Garth Martens won the 2011 Bronwen Wallace Award for Emerging Writers. His first book, ...


Flies dart over the broad back of the corpse,
wrestling among hairs and crawling the stilled eyes.
They’d found it at the reservoir under partial light,
the unplumbable mire a clot of scum, splayed insects,
catkins from a near alder, an ochre float of willow leaves.
Their old dog hanging in telluric shallows.
Probably he’d lost his legs, straining til his heart gave out.
Maybe he’d gone on purpose with an unforgiving thirst.

Underwater the rust-red hairs swam ethereal
and fine as silk. Free, at last, of gravity.
His father hoisted the forelegs and he, the hind.
They brought the body to the air
where the water broke. The hind paws
cold and stiff as the knobby hilts of a wheelbarrow.

Now they smack stones with their spades,
upheel an ancient complication in clay.
Black flies, mosquitoes, graze their ears, a mist
slender as a small death between the birch,
a surrounding sway of mute-white boughs.

The two men cut a stark space, attacking,
between the shovels, a lacrimal till.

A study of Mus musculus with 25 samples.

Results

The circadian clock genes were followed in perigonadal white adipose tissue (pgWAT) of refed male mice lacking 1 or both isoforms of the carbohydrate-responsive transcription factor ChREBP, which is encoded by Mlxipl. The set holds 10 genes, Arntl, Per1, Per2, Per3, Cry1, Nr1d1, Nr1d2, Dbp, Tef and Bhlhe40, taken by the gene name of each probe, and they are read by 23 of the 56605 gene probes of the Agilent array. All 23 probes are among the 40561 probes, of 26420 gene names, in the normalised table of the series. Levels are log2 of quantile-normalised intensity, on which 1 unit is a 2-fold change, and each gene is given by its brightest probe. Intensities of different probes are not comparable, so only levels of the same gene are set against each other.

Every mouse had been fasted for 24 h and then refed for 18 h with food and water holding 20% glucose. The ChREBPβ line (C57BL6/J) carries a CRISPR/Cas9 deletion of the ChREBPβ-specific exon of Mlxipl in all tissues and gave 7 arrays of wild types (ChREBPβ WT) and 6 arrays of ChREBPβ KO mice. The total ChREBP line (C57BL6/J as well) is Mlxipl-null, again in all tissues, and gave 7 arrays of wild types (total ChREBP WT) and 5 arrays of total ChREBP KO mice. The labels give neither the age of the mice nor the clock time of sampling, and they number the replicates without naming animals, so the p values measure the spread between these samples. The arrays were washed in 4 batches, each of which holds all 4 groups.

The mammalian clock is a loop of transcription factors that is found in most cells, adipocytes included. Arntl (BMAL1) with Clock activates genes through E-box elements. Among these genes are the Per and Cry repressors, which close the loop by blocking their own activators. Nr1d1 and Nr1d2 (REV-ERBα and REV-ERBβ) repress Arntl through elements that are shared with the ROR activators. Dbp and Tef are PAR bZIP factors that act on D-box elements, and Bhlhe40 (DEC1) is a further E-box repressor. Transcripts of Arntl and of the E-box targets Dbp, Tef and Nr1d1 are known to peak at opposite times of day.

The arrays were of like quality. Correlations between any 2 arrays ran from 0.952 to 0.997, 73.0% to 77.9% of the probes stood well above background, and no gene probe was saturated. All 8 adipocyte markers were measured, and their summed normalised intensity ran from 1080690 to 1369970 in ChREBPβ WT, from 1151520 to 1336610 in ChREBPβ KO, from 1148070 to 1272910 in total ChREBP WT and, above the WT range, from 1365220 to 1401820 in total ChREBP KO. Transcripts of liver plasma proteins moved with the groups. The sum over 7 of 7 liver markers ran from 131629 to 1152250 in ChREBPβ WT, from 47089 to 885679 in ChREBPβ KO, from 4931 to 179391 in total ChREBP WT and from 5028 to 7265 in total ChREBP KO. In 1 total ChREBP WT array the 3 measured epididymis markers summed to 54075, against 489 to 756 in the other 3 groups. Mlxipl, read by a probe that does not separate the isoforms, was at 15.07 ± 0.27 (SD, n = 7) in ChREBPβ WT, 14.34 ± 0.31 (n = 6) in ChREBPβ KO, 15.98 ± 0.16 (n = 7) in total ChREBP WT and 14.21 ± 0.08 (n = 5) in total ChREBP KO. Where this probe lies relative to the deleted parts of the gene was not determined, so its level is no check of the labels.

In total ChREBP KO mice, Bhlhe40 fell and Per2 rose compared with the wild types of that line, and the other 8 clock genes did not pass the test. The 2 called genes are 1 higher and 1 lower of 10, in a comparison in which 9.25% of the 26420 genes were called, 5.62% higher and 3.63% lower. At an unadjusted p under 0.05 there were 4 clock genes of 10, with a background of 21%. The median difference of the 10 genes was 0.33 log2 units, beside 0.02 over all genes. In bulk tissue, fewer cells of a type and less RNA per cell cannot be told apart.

Breaths were broken out. A matt
of root that met the pointed drive. The steep
assault of scent like brooding tea: a slant
of clubmoss, clouded pancreatic crawl
unbolted in the wane. Their dog,
a blanked, compromising slate.

His father rears up from the work
to daub his face. In the crooked light
he looks as if he’s making strange signs,
like he did at the Rutland ball diamond,
signage the son was never sure of.
Both are backed with a shadowy
braid: it funnels from their feet,
a shrunken, whispery connivance of flies
that rakes apart the dog, a wasp
that scales the retracted tongue, the good teeth.

An after-breath in the gapped. A droning
reek, a drowning. The drill of muskeg
makes them tighten as they loosen
earth, a plot they scrutinize
between the planted spades―
aspen, fireweed, auricular in the dusk―
before they swing the carcass across the dark.

Under wet fractals of spruce-light
where robins sew for worms,
hued crackle of turf-leaf,
leaf-shadow, for which his father stops.